The Gap Between What You Can Know and What You Can’t
How much can we know? And how do we deal with that limitation, if there is one?
Such old questions. Yet, occasionally, when I’m quiet inside and the world seems to slow down, I hear the remnants of these questions stirring in me. For example, just last night, I was thinking about the book I just completed. I worked on it for three years and it is scheduled to be published on September 30th. But, I still don’t really believe it. It is the third book I have written, and the first to be published. Yet, how it happened is mysterious to me. Mysterious not in the sense that I have no idea how I wrote the book or no idea of all the work, inspiration, joy and heartache that went into it. But, in the sense that despite all that intimate knowledge of what I did, I still feel “Wow, I did that!” I still wonder if it is really going to happen.
And so much of what it took surprised me. I thought a book was one person’s creation. Yet when you add all the people who edited, gave feedback, who were my students, colleagues, teachers, inspirations, and then add the publisher, etc.—how many people is that?
And how is it that I know how to write a clear, grammatical sentence (usually) and yet the book required several people over several months to sharpen the writing and eliminate mistakes?
Trying to understand is one of the biggest drives a human being has, so we are always trying to figure things out. And I don’t just mean things like about how my book will be received, but everyday things like how to set up a rain barrel system in my house or learn the best route to my brother’s new home in Virginia. And in the Presidential election, we watch polls to see what the future will bring. We research and try to understand who the candidates are so we can make good decisions about who to vote for and who will help us secure the future we think will serve us best. We do the same with doctors, places to vacation, bikes to ride, shirts to wear. We try to predict the weather and understand our friends and pets.
We often think knowing and understanding means to be able to predict, control, dominate and make safe, that it is linked to our drive to survive, possess and secure. We think it means to encapsulate in words. And that once we have created such a capsule of understanding or knowledge, it is the correct one. We seem to think that our mental models of reality are the one and only truth. And this truth will set us free. The internal pressure to replace the unknown and mysterious with the known and explained has led to both great technical and scientific advances and also violence and oppression.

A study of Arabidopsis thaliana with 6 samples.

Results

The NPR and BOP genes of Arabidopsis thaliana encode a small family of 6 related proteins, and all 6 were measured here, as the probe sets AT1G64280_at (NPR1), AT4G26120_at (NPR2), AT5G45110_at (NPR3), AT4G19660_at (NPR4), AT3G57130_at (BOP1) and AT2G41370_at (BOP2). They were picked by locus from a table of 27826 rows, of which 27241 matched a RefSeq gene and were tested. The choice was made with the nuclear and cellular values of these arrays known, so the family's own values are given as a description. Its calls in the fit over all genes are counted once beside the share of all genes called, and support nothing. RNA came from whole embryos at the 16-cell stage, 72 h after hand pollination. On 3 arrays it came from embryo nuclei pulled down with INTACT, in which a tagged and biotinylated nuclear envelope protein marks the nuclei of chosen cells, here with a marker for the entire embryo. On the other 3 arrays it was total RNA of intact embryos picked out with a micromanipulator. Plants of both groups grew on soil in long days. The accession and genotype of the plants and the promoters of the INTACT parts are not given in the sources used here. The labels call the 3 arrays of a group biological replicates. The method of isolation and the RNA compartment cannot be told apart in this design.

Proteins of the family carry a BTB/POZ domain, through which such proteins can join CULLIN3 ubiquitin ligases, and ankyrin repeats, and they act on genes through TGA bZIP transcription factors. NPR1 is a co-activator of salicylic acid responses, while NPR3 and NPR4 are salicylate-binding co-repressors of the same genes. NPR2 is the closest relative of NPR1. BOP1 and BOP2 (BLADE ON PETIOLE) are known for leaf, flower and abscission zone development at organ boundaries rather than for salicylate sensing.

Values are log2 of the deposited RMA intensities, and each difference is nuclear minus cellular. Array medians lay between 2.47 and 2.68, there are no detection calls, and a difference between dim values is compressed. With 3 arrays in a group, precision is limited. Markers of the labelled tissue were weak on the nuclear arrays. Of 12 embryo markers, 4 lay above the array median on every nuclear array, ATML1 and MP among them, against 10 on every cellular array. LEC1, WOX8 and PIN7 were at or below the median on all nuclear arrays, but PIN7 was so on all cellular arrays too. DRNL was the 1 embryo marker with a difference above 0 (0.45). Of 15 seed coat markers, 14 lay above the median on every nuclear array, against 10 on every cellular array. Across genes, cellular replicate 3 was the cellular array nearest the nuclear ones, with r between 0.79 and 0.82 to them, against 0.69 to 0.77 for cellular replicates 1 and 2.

Due to a limited perspective on what understanding means, many people try to fill the gap between what we can know and what we can’t with undigested or untested beliefs, often mistaking such beliefs for truth. We might be tempted to try to replace what we can’t know with a willful ignorance that masks wish fulfillment or shoddy thinking. We can do this with religion, politics, intellectual systems or relationships.
We need to recognize the limits of our knowing and control. We can’t know everything, but it is fun, important, and sometimes a responsibility, to learn and understand or think things through as deeply as we can. We can’t predict the future, although we can, to an extent, prepare for it. We can’t predict or control what our friends or loved ones or pets will do; yet we can be helpful, kind and caring. We can’t know when or how we will die, but we can live as fully, healthfully, and meaningfully as we can. We can’t pave over the unknown with the known, but we can be aware of when the attempts to do so lead to suffering.
We need to be able to live with and be mindfully aware of not-knowing. We need a little more humility, and a little less clinging to our mental formulations. We need to know how to tolerate, learn from, and let go of discomfort and other ways we hurt ourselves. We need to tolerate and even value some mystery, not mystification. The sense of mystery is a sense of the aliveness of life. When a person feels mysterious to us, we could be realizing they have an inner world of their own. That who they are exceeds our expectations, exceeds what we know, exceeds what we want of them. Any person or living being is so much more than what we want for or from them or words about them. And this mystery, this life, is what’s ultimately most important. It involves a very different sort of knowing, living, loving.